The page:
One country, two men who say they're president - that's the state of play today in Venezuela one day after opposition leader Juan Guaido declared himself interim president. This is awkward because Venezuela already has a president, Nicolas Maduro, who, while increasingly isolated, is refusing to step down. The U.S. is backing Guaido in this fight. And today, the State Department ordered some of its diplomats out of Venezuela. NPR's Philip Reeves is in the capital, Caracas. Hey there, Phil.


KELLY: So let's get up to speed on the latest just in terms of state of play. One key question as this unfolds has been, who controls the military? And they announced their allegiance today. Tell me what happened.

REEVES: Yes, the defense minister, General Vladimir Padrino Lopez, went on TV. He was surrounded by generals from the army's high command all wearing their uniforms and medals. And he announced that they view Maduro as the legitimate president of Venezuela and their commander in chief. He launched into a diatribe about what he called a coup that's being launched by forces on the far-right aided by what he called imperialists.

Venezuela has eight strategic military command centers around the country, and all of their commanders also separately announced their support for Maduro, a number of them doing that on state-run TV as well. So the army top brass for now is behind Maduro. If he loses their support, it's very likely game over for him. And the opposition, as you know, have been appealing to the army to abandon him and talking about an amnesty, although it's not yet clear how widely that amnesty would apply to the high command.

KELLY: And what about Maduro himself? Has he been spotted today?

REEVES: Oh, yes, very much so (laughter). He's been live on TV, making a lengthy speech at the Supreme Court. He is wearing his presidential gold chain and his presidential sash and holding a copy of the Constitution and explaining why he feels that Guaido's announcement that he's the interim president is illegal. At one point, he broke into English and said, hands off Venezuela. There were many attacks on the United States and particularly on Secretary of State Mike Pompeo. He again, as with the military, is characterizing this as an attempted coup which was orchestrated by the U.S.

KELLY: Some very clear signaling going on there. What about Guaido? Do we know where he is?

REEVES: I don't think we do know where he is, but he has been heard from. He's been tweeting, mostly so far tweets thanking the long list of countries mostly in the Western Hemisphere that have stepped up and recognized him as the interim president of Venezuela after he made that announcement in such a dramatic fashion in front of a cheering crowd in the heart of Caracas yesterday. So he's been doing that.

And there's been one very important development as far as he's concerned, which concerns the fact that the U.S. is now saying that not only do they support and recognize him, but they plan to channel revenues towards him. And that means revenues from the oil that they buy off Venezuela, which is a considerable amount of money.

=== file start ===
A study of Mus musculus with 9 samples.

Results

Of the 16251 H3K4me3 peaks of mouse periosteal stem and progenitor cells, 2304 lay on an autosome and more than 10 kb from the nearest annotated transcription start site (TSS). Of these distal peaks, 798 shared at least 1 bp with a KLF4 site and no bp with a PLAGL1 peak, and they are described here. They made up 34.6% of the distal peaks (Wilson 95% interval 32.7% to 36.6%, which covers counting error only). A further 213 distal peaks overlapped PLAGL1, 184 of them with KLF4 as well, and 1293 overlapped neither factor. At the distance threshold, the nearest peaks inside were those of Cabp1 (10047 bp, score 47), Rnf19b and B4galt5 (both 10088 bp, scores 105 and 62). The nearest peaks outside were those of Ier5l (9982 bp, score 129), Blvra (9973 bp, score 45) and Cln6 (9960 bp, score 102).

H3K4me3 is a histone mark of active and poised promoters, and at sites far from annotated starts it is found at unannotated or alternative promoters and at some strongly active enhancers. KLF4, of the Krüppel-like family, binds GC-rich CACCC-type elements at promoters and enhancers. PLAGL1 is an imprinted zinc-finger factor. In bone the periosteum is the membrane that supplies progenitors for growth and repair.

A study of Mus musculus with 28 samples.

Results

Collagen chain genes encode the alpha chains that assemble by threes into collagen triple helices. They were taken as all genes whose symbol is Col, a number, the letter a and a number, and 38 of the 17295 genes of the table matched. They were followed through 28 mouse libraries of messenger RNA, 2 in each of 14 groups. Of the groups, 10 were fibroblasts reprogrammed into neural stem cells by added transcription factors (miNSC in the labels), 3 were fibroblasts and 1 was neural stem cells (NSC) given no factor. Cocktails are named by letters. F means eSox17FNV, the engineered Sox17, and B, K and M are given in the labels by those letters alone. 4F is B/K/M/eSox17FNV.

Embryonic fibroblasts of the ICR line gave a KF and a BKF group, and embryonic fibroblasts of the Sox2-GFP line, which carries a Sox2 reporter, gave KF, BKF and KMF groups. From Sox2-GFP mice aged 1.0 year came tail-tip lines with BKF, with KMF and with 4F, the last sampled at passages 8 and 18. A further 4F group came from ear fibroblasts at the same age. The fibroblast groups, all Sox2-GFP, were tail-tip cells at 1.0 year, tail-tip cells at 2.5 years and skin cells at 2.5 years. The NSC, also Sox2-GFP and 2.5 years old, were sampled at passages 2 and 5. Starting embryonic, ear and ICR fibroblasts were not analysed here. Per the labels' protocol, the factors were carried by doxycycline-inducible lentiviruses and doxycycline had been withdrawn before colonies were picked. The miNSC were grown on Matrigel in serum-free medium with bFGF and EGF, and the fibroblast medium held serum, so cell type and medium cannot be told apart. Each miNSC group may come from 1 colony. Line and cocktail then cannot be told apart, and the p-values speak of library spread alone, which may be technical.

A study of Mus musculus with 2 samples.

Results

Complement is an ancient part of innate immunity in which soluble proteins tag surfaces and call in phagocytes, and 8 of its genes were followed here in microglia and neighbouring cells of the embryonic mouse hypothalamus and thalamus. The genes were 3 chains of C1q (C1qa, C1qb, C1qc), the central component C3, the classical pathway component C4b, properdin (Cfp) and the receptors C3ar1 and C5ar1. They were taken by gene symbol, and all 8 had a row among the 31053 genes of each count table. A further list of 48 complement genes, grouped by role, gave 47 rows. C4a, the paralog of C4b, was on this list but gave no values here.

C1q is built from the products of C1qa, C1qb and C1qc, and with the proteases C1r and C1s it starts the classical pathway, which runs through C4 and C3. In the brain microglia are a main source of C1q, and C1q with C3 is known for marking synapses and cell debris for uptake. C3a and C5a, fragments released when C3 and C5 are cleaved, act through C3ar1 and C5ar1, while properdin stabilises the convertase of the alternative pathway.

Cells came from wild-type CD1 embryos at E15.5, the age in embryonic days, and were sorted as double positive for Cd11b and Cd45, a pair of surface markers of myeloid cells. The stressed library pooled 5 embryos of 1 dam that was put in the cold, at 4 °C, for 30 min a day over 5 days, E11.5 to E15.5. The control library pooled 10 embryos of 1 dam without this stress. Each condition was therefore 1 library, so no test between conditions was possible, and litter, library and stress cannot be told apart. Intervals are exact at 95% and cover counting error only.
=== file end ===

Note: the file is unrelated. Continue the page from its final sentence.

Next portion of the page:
KELLY: Right, it's, like, a billion dollars a month. What kind of leverage is the U.S. hoping that might buy?

REEVES: Well, it has to be a very serious issue for the Maduro government. Venezuela's oil revenues are their main source of money. The industry is in collapse, but it's still something that is vitally important for the survival of the Maduro regime. So the statement made by John Bolton today that...

KELLY: The U.S. national security adviser.

REEVES: ...Yes - they're going to concentrate on trying to channel these revenues towards what the U.S. considers the legitimate government of this country - is a big development in this drama.

KELLY: And, Phil, you mentioned the huge crowds that were out on the streets yesterday to support Guaido. Are they back today?

REEVES: No, they're not. I went to the same area where there was a river of people yesterday going towards that big gathering where he made his announcement. And today it's different. Many shops are shut. The traffic is light. And on the street, there is a feeling of anxiety because Venezuelans have dared to hope for change before and been disappointed. And I think they know that this drama is not yet over by any means.

KELLY: NPR's Philip Reeves reporting on a fast-moving situation there in Caracas, Venezuela. Thank you, Phil.

REEVES: You're welcome. Transcript provided by NPR, Copyright NPR.

NPR transcripts are created on a rush deadline by an NPR contractor. This text may not be in its final form and may be updated or revised in the future. Accuracy and availability may vary. The authoritative record of NPR’s programming is the audio record.

Philip Reeves is an award-winning international correspondent covering South America. Previously, he served as NPR's correspondent covering Pakistan, Afghanistan, and India.